Night of Terror (1933)

Thanks to a helpful tip from the Universal Horror Films Facebook group, I was able to order a copy of this largely forgotten horror film on sumogorilla.com.  It is one of those old horror films that has never been given the restoration treatment it deserves.  The copy I have varies in picture quality but the sound is good.

Night of Terror is billed as “starring” Bela Lugosi.  However, he actually has a minor role in the film as one of two domestic servants of some unknown ethnicity.  [The turban Lugosi wears is hysterical.]  Bela’s performance is fine but it’s hardly the one of the iconic roles he played in films such as Dracula (1931) and Son of Frankenstein (1939).  He actually worked on this film at night while working on another, International House, during the day.  Yet, in spite of this, his piercing eyes are on high beam throughout the film!

Night of Terror doesn’t seem to know what it wants to be.  At it’s core it’s a murder mystery, but it also has elements of “old, dark house,” maniacal killer, and mad scientist films.  It’s pretty much a mix of all four and would be a better movie if it stuck with one of them.  The acting for the most part is fine but nothing special.  The only groan-worthy moments are from the films only African American actor Oscar Smith [uncredited] who plays Martin the Chauffeur.  His acting is typical of 1930’a films but it doesn’t work for modern audiences at all.  It’s very racist that the white studio machine through all blacks needed to talk and act like this.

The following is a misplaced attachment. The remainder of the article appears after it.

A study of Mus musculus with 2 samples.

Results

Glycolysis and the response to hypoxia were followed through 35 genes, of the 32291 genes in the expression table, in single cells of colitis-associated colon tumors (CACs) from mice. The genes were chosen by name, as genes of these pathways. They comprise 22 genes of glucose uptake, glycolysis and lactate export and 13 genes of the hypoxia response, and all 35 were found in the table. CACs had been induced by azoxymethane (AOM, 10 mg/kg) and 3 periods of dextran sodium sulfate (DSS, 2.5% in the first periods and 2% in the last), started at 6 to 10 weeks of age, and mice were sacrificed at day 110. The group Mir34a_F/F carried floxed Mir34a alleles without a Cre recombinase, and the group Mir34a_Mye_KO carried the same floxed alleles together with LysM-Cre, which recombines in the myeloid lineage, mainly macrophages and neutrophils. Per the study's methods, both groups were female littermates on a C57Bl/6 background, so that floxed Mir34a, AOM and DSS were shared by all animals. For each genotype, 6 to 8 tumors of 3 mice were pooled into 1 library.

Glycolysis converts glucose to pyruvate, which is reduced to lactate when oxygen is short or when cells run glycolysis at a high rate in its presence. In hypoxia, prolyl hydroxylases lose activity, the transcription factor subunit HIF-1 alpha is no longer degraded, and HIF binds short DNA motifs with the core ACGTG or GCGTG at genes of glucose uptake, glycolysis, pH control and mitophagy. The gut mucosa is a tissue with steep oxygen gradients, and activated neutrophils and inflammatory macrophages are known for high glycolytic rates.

It’s clear Night of Terror was made with a limited budget but it makes good use of what it has to work with.  My favorite scene has got to be the last one where the homicidal maniac addresses the audience and warns them not to reveal the ending of the movie to those who haven’t seen it.  He promises to hunt them down if they do so.  I love it!

This film is definitely for Lugosi fans as well as those who like the old dark house movies of the 1930’s.  Otherwise it has limited appear which might explain why it has never been properly restored.

RATING: Good.

For more info check out the film's entry in IMDB.